Ferrari team boss Mattia Binotto has suggested that development work on next year's car has played a significant role in improving the performance of the SF90 since the summer break.
Despite a promising display in pre-season testing, the first half of the year proved a disappointment for the team for a variety of reasons. But Ferrari finally secured its first victory of the season in Belgium.
After that there were further back-to-back wins in Italy and Singapore, allowing them to make up ground in the constructors championship to Mercedes.
While the team was always viewed as having the upper hand at power circuits like Spa and Monza, the team is particularly pleased with the way that Singapore proved that a major new aerodynamic upgrade has increased downforce and boosted their competitiveness at tight and twisty street circuits as well.
"Maybe this is where the upgrades of next year have been transposed on the current car," Binotto suggested when asked by Motorsport.com whether the new package signalled Ferrari's technical direction for 2020.
"I think that the next year's car will be a development of the current one," he pointed out. "The regulations being the same for next year, it will certainly be of interest [on the current car].
"Whatever we are building on this season, in terms of understanding, will be key for next year as well," he added. "That's why we are still focusing or putting effort on 2019.
"Not only because we're seeking victories, but because we know that a good understanding of the overall car performance this season will be to the benefit of next season.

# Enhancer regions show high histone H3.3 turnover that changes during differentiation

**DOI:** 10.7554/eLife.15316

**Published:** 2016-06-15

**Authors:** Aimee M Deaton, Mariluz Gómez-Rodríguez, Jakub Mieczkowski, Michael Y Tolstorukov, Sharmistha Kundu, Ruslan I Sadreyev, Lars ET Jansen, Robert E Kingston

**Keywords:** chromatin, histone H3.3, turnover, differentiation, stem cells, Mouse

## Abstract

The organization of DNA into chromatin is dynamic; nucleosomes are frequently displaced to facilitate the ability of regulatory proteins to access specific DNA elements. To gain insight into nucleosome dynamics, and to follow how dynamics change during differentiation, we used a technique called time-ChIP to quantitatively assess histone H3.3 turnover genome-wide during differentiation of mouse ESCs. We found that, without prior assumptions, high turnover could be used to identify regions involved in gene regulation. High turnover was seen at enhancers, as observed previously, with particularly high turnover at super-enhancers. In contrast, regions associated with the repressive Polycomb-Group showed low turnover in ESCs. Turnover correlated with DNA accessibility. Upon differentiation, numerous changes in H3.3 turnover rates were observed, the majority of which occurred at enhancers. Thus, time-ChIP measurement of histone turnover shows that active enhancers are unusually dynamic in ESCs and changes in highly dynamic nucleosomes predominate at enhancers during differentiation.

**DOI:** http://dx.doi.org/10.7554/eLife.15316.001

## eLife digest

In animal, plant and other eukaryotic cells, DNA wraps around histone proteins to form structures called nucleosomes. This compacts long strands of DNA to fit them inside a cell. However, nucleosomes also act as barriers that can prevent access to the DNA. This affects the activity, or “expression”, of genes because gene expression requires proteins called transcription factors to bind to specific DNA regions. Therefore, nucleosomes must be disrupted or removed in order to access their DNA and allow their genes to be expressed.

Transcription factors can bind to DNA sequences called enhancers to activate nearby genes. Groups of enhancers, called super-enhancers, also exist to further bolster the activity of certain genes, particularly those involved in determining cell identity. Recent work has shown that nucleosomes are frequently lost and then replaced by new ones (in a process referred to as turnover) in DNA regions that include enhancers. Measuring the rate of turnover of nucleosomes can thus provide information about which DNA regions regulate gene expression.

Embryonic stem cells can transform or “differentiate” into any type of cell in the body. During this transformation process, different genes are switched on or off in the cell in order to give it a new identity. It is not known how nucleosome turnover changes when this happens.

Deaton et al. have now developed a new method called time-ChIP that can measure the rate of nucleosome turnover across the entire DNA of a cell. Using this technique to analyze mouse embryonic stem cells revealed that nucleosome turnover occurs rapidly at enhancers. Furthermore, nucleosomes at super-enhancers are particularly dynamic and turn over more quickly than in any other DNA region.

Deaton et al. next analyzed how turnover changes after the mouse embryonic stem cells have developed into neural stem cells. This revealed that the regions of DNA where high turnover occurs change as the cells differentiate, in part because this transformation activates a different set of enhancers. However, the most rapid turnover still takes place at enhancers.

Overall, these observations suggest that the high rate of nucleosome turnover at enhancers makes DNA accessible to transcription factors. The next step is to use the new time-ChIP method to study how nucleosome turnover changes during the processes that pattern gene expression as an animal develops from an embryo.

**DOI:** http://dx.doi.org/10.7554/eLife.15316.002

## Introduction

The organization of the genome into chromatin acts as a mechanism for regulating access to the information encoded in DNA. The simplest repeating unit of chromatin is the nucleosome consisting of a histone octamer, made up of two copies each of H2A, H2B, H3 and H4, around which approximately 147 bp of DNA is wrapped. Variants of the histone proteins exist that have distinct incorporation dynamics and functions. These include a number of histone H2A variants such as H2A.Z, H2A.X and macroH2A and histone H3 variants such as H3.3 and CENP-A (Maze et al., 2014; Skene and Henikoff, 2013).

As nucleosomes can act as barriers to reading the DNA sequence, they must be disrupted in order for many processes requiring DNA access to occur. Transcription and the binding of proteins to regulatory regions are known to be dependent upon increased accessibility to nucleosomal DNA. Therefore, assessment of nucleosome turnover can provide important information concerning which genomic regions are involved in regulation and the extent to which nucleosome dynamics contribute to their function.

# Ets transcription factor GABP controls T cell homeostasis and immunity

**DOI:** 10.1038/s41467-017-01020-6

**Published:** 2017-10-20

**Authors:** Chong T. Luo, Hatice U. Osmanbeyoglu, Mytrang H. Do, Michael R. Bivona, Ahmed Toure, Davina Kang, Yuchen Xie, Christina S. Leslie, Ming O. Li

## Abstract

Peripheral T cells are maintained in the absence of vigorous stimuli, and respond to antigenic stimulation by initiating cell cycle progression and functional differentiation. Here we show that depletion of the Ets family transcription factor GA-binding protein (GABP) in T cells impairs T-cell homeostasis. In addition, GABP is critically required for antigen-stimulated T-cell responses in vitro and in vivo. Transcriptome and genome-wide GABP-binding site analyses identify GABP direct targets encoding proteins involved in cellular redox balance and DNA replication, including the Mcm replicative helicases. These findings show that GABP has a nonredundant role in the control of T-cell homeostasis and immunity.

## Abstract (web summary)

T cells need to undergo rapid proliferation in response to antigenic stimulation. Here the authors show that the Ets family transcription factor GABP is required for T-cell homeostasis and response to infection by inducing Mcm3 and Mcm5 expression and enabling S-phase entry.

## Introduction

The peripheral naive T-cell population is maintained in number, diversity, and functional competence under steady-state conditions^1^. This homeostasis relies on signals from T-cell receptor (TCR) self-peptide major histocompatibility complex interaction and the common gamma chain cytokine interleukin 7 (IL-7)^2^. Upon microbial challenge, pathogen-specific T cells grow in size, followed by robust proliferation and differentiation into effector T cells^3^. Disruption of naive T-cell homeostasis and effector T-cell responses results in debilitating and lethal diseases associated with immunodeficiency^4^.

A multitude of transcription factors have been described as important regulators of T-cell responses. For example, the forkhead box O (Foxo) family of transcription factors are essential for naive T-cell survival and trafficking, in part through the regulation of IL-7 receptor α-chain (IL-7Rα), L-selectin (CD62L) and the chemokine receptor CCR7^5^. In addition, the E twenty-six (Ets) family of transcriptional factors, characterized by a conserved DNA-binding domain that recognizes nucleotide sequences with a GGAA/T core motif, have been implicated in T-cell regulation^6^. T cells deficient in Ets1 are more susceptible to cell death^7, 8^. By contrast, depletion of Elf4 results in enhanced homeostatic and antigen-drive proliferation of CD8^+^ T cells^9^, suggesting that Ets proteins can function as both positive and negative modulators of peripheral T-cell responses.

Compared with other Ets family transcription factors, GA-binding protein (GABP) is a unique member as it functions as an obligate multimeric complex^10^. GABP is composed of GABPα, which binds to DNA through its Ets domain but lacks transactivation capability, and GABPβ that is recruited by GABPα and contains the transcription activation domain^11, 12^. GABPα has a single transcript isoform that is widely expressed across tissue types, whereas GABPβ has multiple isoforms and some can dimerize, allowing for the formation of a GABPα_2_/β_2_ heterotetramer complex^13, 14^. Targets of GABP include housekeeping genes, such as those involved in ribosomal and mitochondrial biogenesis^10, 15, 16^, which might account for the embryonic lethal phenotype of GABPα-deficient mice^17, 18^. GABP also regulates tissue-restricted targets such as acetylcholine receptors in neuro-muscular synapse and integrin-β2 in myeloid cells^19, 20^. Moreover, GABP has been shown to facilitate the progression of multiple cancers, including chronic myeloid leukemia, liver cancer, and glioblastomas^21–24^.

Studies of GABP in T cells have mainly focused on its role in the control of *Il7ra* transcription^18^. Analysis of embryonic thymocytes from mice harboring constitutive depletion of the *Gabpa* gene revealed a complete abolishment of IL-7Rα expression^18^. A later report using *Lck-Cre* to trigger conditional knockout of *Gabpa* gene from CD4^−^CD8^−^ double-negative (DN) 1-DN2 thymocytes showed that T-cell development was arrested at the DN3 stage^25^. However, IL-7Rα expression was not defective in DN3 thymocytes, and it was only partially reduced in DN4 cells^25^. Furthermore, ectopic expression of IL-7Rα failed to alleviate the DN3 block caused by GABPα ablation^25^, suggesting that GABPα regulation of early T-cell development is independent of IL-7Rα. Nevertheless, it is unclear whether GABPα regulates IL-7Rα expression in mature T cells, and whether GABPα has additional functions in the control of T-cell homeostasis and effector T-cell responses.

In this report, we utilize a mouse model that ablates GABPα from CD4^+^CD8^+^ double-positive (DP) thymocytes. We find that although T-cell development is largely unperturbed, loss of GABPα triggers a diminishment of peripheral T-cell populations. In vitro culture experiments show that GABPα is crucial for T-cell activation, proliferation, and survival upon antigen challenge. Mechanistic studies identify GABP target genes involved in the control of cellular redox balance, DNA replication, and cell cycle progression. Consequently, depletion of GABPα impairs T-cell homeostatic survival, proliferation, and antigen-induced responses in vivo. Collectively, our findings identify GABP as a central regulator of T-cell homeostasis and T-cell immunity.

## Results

Binotto felt that Ferrari's new approach to front wing design was the subject of much attention in the paddock, and predicted that many teams would be rolling out their own versions in the coming weeks and months.
"On the front wing, I think some are copying us at the moment, more than us [taking inspiration from] the others," he said.
Overall, Binotto insisted that he didn't regret the troubled first half of the season now that Ferrari had got things firmly back on track.
"If you look back and count the missed opportunities and victories I don't think we're on the wrong side of [things]," he said.
"There have been other reasons why this season we've not performed as expected, not only the car concept."
He added that he didn't feel that the original SF90 design had been a "completely wrong or bad concept" in its efforts to be both fuel- and aerodynamically-efficient, but at the cost of grip in the corners.
"By the time the weaknesses were addressed, we can be quite competitive," he stated. "I think the last races have shown it."